Though China has a reputation among the world’s ill-informed for being a dog-eating country, such a notion paints a narrow and often false picture of the relationship between man and dog in the Middle Kingdom. Sure, the extreme south and extreme north have a history of putting dog on the menu, but the majority of the country stays away from dog when it comes to their culinary preferences. Instead, a large chunk of the population sees dogs as pets, a status which affords the four-legged creatures more protection than they may once have had.
Indeed, dogs have been bred in China for thousands of years, with some archaeological evidence even suggesting the relationship goes back to the Neolithic period, when people kept dogs for protection, hunting, and yes, food. It wasn’t until the last Chinese dynasty, however, that dogs became pets. Breeds like the Pekingese were kept by members of the imperial court as a sort of status symbol, and though owning a dog has since extended to the middle class, their status as accessory has not adapted to the times.
Walk down any street in Shanghai or Beijing and you’re sure to see little brown poodles dressed more extravagantly than their owners, schnauzers with impressive beards, and shiba inus that look like they’ve been ripped straight from a meme. Little old ladies are more likely to be seen with a dog buggy than a baby buggy, and Uncle Ma is able to impress his friends with his samoyed, as if it were a Bulgari watch.
Because dogs are now the accessory du jour, pure breeds are valued more highly than mutts, often filling the role of surrogate child after a couple’s one human child has flown the nest. Such owners want the best for their four-legged son or daughter, perhaps as much as they want for their own flesh and blood. This leads to a flourishing pet product market and frequent pet expos in the big cities, where customers can buy anything from premium dog food to fur-dyeing products.
Dog ownership is on the rise. There are an estimated 100 million registered dogs in China, with the real number being likely even higher. Unfortunately for the dogs themselves, though, they are not always afforded the status of family member. A huge number of careless owners let their dogs roam outside like they would a cat, giving the impression that they are street dogs, even though they have a warm bed to come home to at night. These dogs are typically not spayed or neutered and have the potential of producing real street dog offspring.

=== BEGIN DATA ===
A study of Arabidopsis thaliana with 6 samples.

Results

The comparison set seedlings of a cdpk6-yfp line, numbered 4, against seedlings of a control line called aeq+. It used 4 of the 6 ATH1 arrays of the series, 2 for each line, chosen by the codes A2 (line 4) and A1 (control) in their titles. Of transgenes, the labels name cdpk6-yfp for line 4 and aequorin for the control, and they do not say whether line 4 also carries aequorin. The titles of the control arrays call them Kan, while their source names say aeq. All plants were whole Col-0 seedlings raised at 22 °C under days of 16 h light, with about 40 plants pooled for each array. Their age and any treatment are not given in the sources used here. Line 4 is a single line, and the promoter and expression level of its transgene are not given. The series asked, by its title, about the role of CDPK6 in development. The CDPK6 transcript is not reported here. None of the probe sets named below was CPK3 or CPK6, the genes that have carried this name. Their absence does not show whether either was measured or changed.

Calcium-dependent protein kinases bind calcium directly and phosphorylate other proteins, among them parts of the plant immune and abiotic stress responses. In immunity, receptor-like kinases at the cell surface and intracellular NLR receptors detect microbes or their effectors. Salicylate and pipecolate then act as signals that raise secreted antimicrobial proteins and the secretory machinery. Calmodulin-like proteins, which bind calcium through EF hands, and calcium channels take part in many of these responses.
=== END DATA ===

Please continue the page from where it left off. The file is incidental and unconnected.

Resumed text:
For the responsible owners walking their dog on a leash, this can mean fighting off the unwanted “advances” of unkempt, often aggressive neighbor dogs. The faux-street dogs have the run of the roost, so to say, and have never been taught proper behavior. That means that “no” won’t get them to stop their pursuit.
Of course, there are still millions of actual street dogs roaming China, particularly in the south. And with street dogs come the big-hearted who want to help them. Growing perhaps just as steadily as the number of dog owners in China is the number of volunteers rescuing, rehabilitating, and adopting out the dogs who are not as trendy as their pure breed cousins. In their ranks are expats and Chinese alike, who truly work tirelessly to change the lives of the helpless, and with them, the status of dogs in the country.
Owning a dog in China is not as glamorous as the pet expos make it sound. Most parks are dog-free, chicken bones littering the streets provide a tempting but dangerous treat for even the most obedient dog, and good vet care is practically non-existent outside of the first and second-tier cities. And while dogs have long been off the menu, they still don’t have the level of respect they deserve.